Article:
Attorney General, Governor disagree over process to release serial rapist - Bring Me The News

Attorney General, Governor disagree over process to release serial rapist


A serial rapist's future has created a divide between Gov. Mark Dayton and Minnesota Attorney General Lori Swanson.

The Star Tribune reports that a special review board within the state's Department of Human Services (DHS) in August recommended the provisional release of Thomas Duvall, 57, a rapist who has attacked at least 60 women. A Supreme Court Appeal panel will next review the case. But Swanson is seeking to block his release because of his danger to the public.

In court papers, Swanson argued that the judges’ panel should not consider Duvall’s release until they’ve heard her attorneys present evidence that she says contradicts the review board’s finding. DHS Commissioner Lucinda Jesson acknowledged Swanson's public safety concerns, but said that Duvall has met the treatment criteria for provisional discharge.

Meanwhile, in an interview with the newspaper, Dayton voiced support for the DHS recommendation. Dayton said lawmakers have long “ducked” the issue of what to do with offenders who have served their prison sentences and completed the sex offender program. He said it’s time to confront the constitutional issue of keeping them behind bars indefinitely.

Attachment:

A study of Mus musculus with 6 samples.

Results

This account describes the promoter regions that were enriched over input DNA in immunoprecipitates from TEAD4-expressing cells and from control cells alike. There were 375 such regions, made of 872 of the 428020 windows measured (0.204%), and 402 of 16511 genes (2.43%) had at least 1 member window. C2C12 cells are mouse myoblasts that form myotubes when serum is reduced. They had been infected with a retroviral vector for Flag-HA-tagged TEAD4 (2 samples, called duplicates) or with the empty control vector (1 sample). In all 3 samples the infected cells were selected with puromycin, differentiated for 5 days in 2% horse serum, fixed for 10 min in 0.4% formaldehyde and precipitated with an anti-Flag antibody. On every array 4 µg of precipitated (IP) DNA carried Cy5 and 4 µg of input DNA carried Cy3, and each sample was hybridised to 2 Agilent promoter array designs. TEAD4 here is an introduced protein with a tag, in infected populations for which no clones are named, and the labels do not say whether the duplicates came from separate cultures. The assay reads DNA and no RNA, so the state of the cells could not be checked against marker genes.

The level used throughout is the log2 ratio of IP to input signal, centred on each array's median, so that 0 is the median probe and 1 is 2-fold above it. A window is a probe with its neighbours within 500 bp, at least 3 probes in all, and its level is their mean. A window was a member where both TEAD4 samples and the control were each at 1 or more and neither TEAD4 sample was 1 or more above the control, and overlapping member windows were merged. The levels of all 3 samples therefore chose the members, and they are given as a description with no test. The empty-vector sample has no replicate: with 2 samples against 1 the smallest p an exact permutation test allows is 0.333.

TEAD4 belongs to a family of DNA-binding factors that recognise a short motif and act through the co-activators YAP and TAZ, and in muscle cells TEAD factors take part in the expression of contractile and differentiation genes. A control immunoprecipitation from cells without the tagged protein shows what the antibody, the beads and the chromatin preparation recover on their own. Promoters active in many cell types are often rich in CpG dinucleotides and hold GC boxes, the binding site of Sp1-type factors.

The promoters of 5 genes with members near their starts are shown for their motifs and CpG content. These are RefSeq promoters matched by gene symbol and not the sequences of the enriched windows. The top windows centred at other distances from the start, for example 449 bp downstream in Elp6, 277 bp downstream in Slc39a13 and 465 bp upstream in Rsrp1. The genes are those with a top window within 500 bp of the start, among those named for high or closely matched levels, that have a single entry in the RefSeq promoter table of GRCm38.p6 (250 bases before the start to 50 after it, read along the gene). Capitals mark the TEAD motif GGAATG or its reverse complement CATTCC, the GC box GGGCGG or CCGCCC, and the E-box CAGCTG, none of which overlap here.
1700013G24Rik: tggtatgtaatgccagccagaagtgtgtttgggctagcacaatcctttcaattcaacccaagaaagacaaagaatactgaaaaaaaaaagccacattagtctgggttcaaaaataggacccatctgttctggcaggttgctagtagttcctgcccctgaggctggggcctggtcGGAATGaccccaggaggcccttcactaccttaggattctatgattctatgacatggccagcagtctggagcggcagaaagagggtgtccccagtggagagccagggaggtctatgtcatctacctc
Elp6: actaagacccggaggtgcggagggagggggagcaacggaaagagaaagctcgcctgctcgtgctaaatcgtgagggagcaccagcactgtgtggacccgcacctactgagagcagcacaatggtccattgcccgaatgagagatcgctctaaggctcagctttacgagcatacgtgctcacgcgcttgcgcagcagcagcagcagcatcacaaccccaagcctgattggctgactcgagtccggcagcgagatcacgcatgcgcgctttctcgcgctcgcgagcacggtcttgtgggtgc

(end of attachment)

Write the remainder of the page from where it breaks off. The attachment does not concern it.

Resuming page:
Only one sex offender has been released from the program in the past 18 years. The state is under federal court pressure to end its policy of continuing to hold sex offenders indefinitely. Currently, 698 offenders have been indefinitely committed to the Minnesota Sex Offender Program at facilities in Moose Lake and St. Peter.

In 2011, the Associated Press included Duvall in a story about sex offenders who have reached the final stage of treatment before they can seek provisional discharge. The story called Minnesota "among the most reluctant states to release committed sex offenders," noting that Wisconsin's sex-offender treatment program has discharged more than 60 sex offenders since 1995. Two weeks ago, DHS Commissioner Lucinda Jesson acknowledged that Swanson raised public safety concerns, but said she would not waver in her position. In a letter to the court, she said that she’d be willing to have Duvall evaluated again but that one of her experts was not available until January.

Last month, it was reported that a state task force set up to review treatment for sex offenders may release a recommendation to establish a new court to review which offenders should be locked up and when they might be released. The recommendations are expected by December 1st.